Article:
The two-day symposium was broken into six sessions of speakers with different topics regarding policing. CRC hosted the first day and Sac State held the second set of sessions.

The first session, titled Police Militarization and its Impact on Minority Groups, concerned the increasing militarization of community police forces across America.

Speaker Abigail Hall Blanco, a professor of economics from the University of Tampa, said she hoped that those who attended could come to understand how these issues with police greatly impact individuals of racial minorities and disadvantaged backgrounds.

“[The increasing militarization] undoubtedly creates an ‘us vs. them’ mentality,” Blanco said. “You actually see this if you look at policing manuals, if you look at transcripts from their conferences. You’ll see that phrases like ‘battlefield’ are thrown out there instead of calling it their ‘community’, or their ‘civilians’ – they’ll refer to them as ‘enemies.’”

Her session explored the shift in domestic policing since the war on drugs and terror began in the 1970’s.

“Now in the age of social media and everybody having phones to record, I think we’re starting to see that a lot more people are observing problematic interactions with police officers and are starting to notice that this issue, which has been unfolding for decades, is really starting to come to the surface,” said Blanco.

Blanco said she found it important to hold the symposium for students, since they’ll be the ones driving the discussions for issues in the future.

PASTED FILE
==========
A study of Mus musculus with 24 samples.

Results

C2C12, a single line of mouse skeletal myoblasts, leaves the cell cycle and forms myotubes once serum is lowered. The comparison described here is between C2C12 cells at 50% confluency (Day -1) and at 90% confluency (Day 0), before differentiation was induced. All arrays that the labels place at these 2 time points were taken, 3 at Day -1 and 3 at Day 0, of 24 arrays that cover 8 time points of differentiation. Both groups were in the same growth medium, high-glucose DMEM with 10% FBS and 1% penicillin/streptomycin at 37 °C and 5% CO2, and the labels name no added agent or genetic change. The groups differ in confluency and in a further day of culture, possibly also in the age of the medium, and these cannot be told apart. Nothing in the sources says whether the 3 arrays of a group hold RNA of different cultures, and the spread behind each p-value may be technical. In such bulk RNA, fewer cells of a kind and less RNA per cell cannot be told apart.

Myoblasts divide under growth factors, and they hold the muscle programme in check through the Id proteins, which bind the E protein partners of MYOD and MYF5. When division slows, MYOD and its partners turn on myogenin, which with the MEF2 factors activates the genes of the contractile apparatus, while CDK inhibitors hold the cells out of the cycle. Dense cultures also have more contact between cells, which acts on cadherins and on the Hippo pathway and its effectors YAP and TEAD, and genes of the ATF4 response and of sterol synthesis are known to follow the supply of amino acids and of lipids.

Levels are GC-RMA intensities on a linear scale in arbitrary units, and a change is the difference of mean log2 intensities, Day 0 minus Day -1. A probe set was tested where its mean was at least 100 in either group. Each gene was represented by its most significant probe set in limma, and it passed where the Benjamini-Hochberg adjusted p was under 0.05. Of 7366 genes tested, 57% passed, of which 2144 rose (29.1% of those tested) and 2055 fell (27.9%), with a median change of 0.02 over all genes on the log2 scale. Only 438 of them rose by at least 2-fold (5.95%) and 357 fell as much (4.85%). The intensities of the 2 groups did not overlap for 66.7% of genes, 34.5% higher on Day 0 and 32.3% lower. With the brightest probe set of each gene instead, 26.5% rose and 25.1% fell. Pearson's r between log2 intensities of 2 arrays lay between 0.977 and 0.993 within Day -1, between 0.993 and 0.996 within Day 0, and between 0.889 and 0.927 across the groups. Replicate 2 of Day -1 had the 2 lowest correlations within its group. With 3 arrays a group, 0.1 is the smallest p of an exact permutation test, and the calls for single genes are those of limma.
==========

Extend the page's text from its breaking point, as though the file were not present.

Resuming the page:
“For college students especially, to be able to talk about and articulate this really uncomfortable issue, is a really critical first step towards how we can go about fixing them,” said Blanco.
She noted the only way to have a fair system is to evenly empower and constrain the police, which is difficult to do.

“I think it is possible but I think it requires some critical policy changes,” said Blanco.

The third session was titled Democratizing Police Accountability: The Role of Cognition.

Speaker Sanjay Marwah, assistant professor of criminal justice from California State University of East Bay, emphasized the importance of the people’s role in these issues and that it should not be treated as just an issue belonging to the police or the government, but one that all citizens are involved in.

“Awareness is the biggest thing. We have to get away from the notion that politicians can solve all of our problems,” Marwah said. “I think we put the police distant from us, we’ve created these barriers, so I think citizens themselves should get more involved in terms of understanding and dialogue.”

He acknowledged tensions between the public and officers and encouraged both sides to be understanding.

“Treat them [police officers] as human beings. Figure out what is the problem,” said Marwah. “Citizens can be helpful in not trying to be judgemental themselves because they want the police to be non-judgemental. You hear the extreme rhetoric and it seems one- sided.”

Marwah said he enjoyed the opportunity for the discussion on campus and that the board hopes to continue this event.

“I appreciate the dialogue and I think we learn a lot about the complex issue from having these discussions,” said Marwah. “It’s not a simple issue. We don’t know everything and we don’t have easy fixes, but you know, maybe we shouldn’t have easy solutions.”

Professors led a discussion on tensions between police and the community on Nov. 21-22.

Lola Chase
Professors led a discussion on tensions between police and the community on Nov. 21-22.